Biggest, brightest full moon will be visible tonight. Here's how to view it from home.
Need a break from news of the coronavirus pandemic? Or just want a change of pace by staring at the stars? Look up: The pink "supermoon" will appear Tuesday night.
The biggest, brightest supermoon of 2020, the full moon occurs precisely at 10:35 p.m. EDT on April 7, according to EarthSky.
Of the three supermoons this year, April's supermoon will come closest to our planet – and thus appear the largest.
The supermoon comes during a trying time around the globe, as more than 1.3 million people are known to have been infected with the new coronavirus and over 78,000 killed. But the astronomical event may provide comfort to some.
"When all feels troubled on the planet, looking up invokes a sense of wonder and promise. A simple event such as a full moon that reminds people to look to the sky can be just the escape that most people need right now," said Jackie Faherty, a senior scientist at the American Museum of Natural History's Department of Astrophysics.
"Often celestial events like eclipses have be interpreted as a sign of negative things in the past, but of course there’s no reason that they are," said Noah Petro, a Lunar Reconnaissance Orbiter Project Scientist at NASA.
New moons are generally associated with rebirth, and full moon names are often tied to farming, Petro said.
The full moon can also be an educational opportunity for children, Faherty said. Other bright planets, including Venus, Mars, Jupiter and Saturn, will be visible this month, she said. Stars and their stories can be a great distraction, too, she said.
"Hopefully people use this as an excuse to begin looking at the moon more regularly, perhaps every night to chart its path in the sky and how its phase changes," Petro added.
Petro said that if you have an east, south or west facing window, you should be able to see the moon from inside.
"You don’t need a fancy telescope or other equipment, just clear skies and clear eyes," he added.
"I think a moonrise and a moonset are the most under-appreciated astronomical phenomena that can be easily viewed. Catching the moon as it passes your local landscape can be dramatic and simply gorgeous (and it’s perfectly safe to view)," she said.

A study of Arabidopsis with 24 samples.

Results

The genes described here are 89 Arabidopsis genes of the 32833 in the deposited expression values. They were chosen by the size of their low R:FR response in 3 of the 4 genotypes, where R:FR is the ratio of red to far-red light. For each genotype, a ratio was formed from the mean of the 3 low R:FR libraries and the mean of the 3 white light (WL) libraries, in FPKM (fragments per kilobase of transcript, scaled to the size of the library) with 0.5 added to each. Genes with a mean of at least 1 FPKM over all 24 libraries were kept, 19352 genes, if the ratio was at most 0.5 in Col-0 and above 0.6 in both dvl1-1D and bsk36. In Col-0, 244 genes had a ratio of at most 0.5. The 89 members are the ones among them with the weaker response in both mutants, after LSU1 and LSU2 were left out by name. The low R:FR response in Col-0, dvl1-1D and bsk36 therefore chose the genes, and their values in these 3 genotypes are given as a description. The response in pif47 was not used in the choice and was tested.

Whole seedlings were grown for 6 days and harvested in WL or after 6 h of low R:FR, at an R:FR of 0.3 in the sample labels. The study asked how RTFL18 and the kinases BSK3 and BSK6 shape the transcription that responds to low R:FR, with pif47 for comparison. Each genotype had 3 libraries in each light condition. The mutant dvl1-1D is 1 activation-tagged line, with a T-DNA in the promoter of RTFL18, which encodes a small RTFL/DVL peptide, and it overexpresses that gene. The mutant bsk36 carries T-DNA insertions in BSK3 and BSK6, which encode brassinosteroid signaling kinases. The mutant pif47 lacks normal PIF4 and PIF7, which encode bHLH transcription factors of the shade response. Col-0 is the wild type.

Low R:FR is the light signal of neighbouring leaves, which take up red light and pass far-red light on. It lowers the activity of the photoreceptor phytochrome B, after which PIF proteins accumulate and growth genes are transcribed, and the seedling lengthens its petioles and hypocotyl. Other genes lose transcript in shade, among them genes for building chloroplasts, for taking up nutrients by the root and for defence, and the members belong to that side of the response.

Where do the terms "pink moon" and "supermoon" come from?
A supermoon occurs when the moon is especially close to Earth while it’s full. The moon's proximity to Earth makes it look up to 14% bigger and 30% brighter than a full moon at its farthest point from Earth.
The term “supermoon” was coined in 1979 by astrologer Richard Nolle. It has become an increasingly popular and media-friendly term in the decades since then. According to NASA, it's used by the media today to describe what astronomers would call a perigean full moon.
The full moon this month is also nicknamed the pink moon. But don't look for a pinkish hue to the moon this month.
According to the Old Farmer's Almanac, April’s full moon often corresponded with the early springtime blooms of Phlox subulata, a pink wildflower native to eastern North America. The wildflower is commonly called creeping phlox or moss phlox – and also goes by the name “moss pink."
For millennia, people across the world, including Native Americans, named the months after nature’s cues. The Old Farmers' Almanac said that full moon names in our part of the world date back to the Native Americans who lived in the northern and eastern USA.
Will the moon be more visible with fewer cars on the road and airplanes in the sky due to coronavirus restrictions?
As the coronavirus pandemic also leads to economic slowdowns, that may cause less air pollution in some areas.
Reports from Italy and China have shown possible decreased fossil fuel use and air pollution emissions as a result.
However, Faherty said: "The full moon is an easy thing to see no matter what."